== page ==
Roundheaded Pine Beetle Complex
The roundheaded pine beetle is another native bark beetle to Colorado, closely related to mountain pine beetle, spruce beetle and Douglas-fir beetle.
The range of this bark beetle extends north into southern Colorado from as far south as Guatemala; southern Colorado is the northernmost extent of its range.
Ponderosa pine is the only primary North American host tree species, though other pine species are attacked throughout Mexico and into Central America.
In Colorado, trees are attacked later in the year than with other Colorado bark beetles, from late August through November.
With only one generation flying per year, these beetles attack a wide range of tree sizes and ages, typically after a prolonged drought period.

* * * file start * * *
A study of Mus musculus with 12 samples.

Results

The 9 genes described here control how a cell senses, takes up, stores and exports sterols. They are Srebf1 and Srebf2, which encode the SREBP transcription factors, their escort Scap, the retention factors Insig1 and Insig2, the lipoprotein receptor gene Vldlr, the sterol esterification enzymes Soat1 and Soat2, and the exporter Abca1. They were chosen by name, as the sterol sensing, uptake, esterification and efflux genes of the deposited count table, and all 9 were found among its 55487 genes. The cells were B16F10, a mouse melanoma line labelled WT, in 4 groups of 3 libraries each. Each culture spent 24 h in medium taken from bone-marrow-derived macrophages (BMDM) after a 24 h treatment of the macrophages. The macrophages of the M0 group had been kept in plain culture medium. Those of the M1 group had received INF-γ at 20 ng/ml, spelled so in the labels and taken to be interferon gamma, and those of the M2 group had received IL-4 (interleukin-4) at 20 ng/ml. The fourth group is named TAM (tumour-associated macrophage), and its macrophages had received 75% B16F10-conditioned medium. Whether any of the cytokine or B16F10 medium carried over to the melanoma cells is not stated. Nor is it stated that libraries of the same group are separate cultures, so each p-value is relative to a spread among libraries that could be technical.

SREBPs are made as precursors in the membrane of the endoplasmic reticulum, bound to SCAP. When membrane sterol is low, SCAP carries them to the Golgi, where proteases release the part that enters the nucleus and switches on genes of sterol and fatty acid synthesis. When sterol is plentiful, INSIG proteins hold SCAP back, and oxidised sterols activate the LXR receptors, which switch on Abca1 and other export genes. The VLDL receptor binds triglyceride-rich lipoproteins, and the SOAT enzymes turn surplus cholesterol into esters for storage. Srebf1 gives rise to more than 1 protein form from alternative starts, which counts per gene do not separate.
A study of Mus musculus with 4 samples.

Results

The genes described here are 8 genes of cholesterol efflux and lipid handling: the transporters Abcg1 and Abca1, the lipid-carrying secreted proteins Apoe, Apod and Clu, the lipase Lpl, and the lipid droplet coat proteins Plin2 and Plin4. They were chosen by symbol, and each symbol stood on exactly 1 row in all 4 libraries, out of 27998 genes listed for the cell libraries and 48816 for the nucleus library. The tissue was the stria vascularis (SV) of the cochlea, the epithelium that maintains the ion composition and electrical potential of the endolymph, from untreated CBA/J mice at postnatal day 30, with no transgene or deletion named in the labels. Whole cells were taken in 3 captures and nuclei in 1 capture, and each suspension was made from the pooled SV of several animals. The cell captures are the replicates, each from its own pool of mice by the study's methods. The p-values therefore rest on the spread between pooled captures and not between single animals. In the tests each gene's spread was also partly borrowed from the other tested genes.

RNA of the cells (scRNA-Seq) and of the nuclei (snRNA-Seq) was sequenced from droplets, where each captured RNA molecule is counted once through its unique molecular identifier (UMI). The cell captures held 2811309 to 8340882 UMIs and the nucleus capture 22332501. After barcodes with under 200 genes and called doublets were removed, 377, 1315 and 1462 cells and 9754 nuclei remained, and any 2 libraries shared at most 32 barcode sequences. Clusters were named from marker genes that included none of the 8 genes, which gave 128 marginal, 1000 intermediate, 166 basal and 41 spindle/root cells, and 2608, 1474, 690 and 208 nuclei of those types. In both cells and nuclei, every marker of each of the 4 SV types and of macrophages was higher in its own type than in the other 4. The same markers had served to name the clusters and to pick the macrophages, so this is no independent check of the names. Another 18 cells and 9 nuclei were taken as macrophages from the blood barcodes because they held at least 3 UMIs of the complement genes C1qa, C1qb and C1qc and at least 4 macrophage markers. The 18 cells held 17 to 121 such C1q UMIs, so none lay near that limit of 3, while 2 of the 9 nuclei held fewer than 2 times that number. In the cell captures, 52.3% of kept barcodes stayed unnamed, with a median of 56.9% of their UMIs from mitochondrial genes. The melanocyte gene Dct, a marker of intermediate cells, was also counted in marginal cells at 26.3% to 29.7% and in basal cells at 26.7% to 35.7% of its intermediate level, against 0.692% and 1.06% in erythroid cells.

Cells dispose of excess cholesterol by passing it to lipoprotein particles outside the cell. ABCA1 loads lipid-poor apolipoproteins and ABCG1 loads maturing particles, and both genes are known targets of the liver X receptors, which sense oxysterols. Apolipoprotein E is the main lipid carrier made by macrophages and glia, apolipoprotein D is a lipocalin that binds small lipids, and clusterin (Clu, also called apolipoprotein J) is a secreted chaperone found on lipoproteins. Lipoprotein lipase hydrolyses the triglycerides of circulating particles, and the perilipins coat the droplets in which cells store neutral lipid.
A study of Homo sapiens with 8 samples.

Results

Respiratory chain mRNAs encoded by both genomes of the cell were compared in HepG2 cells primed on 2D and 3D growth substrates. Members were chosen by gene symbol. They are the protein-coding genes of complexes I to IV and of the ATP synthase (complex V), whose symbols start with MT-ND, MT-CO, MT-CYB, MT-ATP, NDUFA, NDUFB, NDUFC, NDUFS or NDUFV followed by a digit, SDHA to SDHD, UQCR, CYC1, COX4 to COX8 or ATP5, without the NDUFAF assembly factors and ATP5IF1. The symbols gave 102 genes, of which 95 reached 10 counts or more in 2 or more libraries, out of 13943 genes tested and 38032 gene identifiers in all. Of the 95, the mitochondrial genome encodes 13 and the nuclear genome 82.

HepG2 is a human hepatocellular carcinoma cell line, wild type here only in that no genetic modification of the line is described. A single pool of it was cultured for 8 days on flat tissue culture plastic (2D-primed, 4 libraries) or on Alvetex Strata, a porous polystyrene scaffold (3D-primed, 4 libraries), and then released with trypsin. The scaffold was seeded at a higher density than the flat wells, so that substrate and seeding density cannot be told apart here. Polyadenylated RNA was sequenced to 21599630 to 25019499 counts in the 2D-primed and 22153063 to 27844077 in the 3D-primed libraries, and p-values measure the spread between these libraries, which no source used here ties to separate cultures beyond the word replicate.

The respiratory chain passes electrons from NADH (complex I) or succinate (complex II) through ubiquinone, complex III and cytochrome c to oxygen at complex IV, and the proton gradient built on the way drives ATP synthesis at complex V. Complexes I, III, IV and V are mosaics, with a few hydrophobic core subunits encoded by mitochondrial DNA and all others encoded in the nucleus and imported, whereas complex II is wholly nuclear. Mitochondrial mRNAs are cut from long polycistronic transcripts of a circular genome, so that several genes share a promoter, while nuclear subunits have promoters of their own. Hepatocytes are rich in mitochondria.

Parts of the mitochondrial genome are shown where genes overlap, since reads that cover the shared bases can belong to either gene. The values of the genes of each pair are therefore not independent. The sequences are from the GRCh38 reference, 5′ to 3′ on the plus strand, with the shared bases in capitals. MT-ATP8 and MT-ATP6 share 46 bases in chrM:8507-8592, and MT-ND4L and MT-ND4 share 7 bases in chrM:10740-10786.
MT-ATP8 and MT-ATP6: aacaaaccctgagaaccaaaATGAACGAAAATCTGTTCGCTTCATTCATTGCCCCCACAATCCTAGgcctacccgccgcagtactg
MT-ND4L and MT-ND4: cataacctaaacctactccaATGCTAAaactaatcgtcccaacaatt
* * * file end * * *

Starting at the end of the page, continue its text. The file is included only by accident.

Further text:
Outbreaks south of Colorado’s border are typically short in duration, though contiguous ponderosa pine forests in Dolores County have sustained increased mortality for the seventh consecutive year.
Roundheaded pine bark beetles are often associated with several other species of bark beetles, typically western pine beetle (D. brevicomis), pine engraver beetles (Ips spp.) and mountain pine beetle (D. ponderosae).
These associated bark beetles, working in conjunction with one another, produce a “bark beetle complex” that results in tree injury and death.
CSFS Forest Entomologist Dr. Dan West produced an Esri Story Map for the 2021 Forest Health Report, which offers users an interactive way to find out about forest conditions and insect activity in their area.
Approximately 27,000 acres were affected in 2018 as the infestation intensifies in Dolores County. However, many of those acres were of low intensity, where the complex affected only small groups of trees. 27,000 acres of ponderosa pine were affected in 2018, compared to 11,000 acres in 2017.
- Although some acres are more intensely affected than others, approximately 52 percent of the ponderosa pine forest ecosystems in Dolores County have been affected since 2000.